Arrogant JPM CEO Jamie Dimon Claims Sen. Warren Doesn’t Understand Banking System

Arrogant JPM CEO Jamie Dimon Claims Sen. Warren Doesn’t Understand Banking System
By World Economic Forum (Flickr: The Global Financial Context: James Dimon) [<a href="">CC BY-SA 2.0</a>], <a href="">via Wikimedia Commons</a>

Perhaps the most frustrating thing about arrogant people is they are almost always blind to their own arrogance. JPMorgan CEO Jamie Dimon is a case in point. Indubitably a very smart guy, but success and greed have gone to his head so much he thinks he’s always right. His dismissive comment on Wednesday that Sen. Elizabeth Warren doesn’t “fully understand the global banking system” puts his arrogance on display for all to see.

For the record, Warren is a distinguished Harvard Law School professor who specialized in bankruptcy law who has a great deal of experience in both finance and economics.

Dimon was speaking at a conference in Chicago on Wednesday. Following his remarks, Dimon also said he would meet with Warren any time she wants.


Warren has chided “finance guys”

In Jamie Dimon’s defense, Elizabeth Warren has been highly critical of Wall Street and the leadership of the financial industry for some time. In a speech a few weeks ago, Warren took “finance guys” who assert she and others can’t understand their business to task.

“The finance guys argue that if you’re never in the club, you can’t understand it, but I think they have it backward,” she commented. “Not being in the club means not drinking the Kool-Aid.”

Most bankers are smart, but no smarter than people in many other professions, Warren said. Moreover, when their mistakes resulted in the financial crisis, they “took care of themselves and their bonuses while millions of people lost everything.”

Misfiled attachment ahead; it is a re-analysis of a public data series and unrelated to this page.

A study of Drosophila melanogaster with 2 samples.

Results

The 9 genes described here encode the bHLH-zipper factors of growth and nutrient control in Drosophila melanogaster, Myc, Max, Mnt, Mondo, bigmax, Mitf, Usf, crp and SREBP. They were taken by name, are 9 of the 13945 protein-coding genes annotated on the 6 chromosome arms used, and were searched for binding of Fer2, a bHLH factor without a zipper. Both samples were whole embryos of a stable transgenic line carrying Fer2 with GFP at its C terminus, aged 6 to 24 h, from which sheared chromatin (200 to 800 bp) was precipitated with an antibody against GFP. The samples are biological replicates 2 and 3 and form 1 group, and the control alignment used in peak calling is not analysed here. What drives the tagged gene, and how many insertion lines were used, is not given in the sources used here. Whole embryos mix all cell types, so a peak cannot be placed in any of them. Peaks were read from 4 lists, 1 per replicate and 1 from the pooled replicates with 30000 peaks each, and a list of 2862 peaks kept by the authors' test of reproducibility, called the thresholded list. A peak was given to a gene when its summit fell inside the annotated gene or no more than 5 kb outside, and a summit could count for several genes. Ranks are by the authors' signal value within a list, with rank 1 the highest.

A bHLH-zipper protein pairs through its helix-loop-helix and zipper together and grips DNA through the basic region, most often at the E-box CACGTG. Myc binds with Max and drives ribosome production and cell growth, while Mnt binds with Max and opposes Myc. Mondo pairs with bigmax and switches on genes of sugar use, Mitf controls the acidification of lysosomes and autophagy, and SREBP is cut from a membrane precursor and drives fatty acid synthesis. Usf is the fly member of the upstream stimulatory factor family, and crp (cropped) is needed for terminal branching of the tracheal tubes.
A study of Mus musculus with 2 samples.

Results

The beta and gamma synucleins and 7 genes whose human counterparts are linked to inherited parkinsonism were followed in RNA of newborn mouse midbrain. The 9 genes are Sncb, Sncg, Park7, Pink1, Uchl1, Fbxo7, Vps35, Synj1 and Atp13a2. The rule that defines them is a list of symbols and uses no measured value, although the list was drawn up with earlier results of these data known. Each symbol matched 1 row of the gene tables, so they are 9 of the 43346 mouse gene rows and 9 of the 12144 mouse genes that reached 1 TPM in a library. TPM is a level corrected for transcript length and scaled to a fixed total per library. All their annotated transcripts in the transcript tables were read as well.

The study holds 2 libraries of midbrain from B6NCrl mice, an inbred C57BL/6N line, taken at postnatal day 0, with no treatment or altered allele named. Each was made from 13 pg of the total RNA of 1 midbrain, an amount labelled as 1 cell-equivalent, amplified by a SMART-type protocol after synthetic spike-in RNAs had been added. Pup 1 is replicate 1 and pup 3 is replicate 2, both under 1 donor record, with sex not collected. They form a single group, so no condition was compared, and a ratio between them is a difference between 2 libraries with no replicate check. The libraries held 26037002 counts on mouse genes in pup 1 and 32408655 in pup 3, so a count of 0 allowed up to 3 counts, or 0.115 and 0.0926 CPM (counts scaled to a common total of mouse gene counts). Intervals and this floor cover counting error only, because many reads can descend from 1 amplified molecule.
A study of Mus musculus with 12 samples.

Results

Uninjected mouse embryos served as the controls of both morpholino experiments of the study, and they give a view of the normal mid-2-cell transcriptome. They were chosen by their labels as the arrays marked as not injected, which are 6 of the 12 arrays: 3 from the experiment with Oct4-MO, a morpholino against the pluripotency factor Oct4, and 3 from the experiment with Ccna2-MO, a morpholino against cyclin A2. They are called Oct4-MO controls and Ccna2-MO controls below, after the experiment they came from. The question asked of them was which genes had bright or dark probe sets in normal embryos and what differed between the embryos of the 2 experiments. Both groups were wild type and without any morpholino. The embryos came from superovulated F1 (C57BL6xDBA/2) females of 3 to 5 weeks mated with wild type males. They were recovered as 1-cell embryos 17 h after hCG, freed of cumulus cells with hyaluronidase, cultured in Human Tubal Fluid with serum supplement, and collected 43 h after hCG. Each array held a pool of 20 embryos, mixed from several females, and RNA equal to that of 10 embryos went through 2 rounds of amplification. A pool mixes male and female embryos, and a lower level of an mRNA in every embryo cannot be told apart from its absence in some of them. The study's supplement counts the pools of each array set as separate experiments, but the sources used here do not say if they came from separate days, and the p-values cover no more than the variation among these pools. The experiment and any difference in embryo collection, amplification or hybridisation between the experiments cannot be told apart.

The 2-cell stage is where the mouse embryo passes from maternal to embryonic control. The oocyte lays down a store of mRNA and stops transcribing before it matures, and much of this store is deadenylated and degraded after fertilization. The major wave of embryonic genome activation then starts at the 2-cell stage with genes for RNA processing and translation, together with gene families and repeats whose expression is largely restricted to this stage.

Warren was the chair of the congressional oversight panel for the Treasury’s 2008 bailout of the financial sector. She was a major force behind the Consumer Financial Protection Bureau that protects Americans from predatory financial products that was created after the crisis.

“The problem was never that I didn’t understand what the finance guys were doing,” she noted in her comments in April. “The problem was that I understood exactly what the finance guys were doing. I knew it, and they knew it.”

Jamie Dimon and Elizabeth Warren have a history

Dimon and Warren have exchanged words on at least a couple of occasions in the past. In a recent afterword for her book, “A Fighting Chance,” Warren mentioned a visit by Jamie Dimon to her office just after she was sworn in. She claimed their conversation became heated when Dimon complained of increasing regulation, and then she told him new CFPB rules could mean problems for the bank.

Warren said Dimon “leaned back and slowly smiled,” and then said, “So hit me with a fine. We can afford it.”

A JPM spokesman denied that Jamie Dimon said that when the story first surfaced a couple of months ago.

Dimon recalled meeting with Warren as the CFPB was being established to discuss credit cards. He quoted her as highly complimentary of one of the bank’s products: “By the way I have your credit card, and I love it.”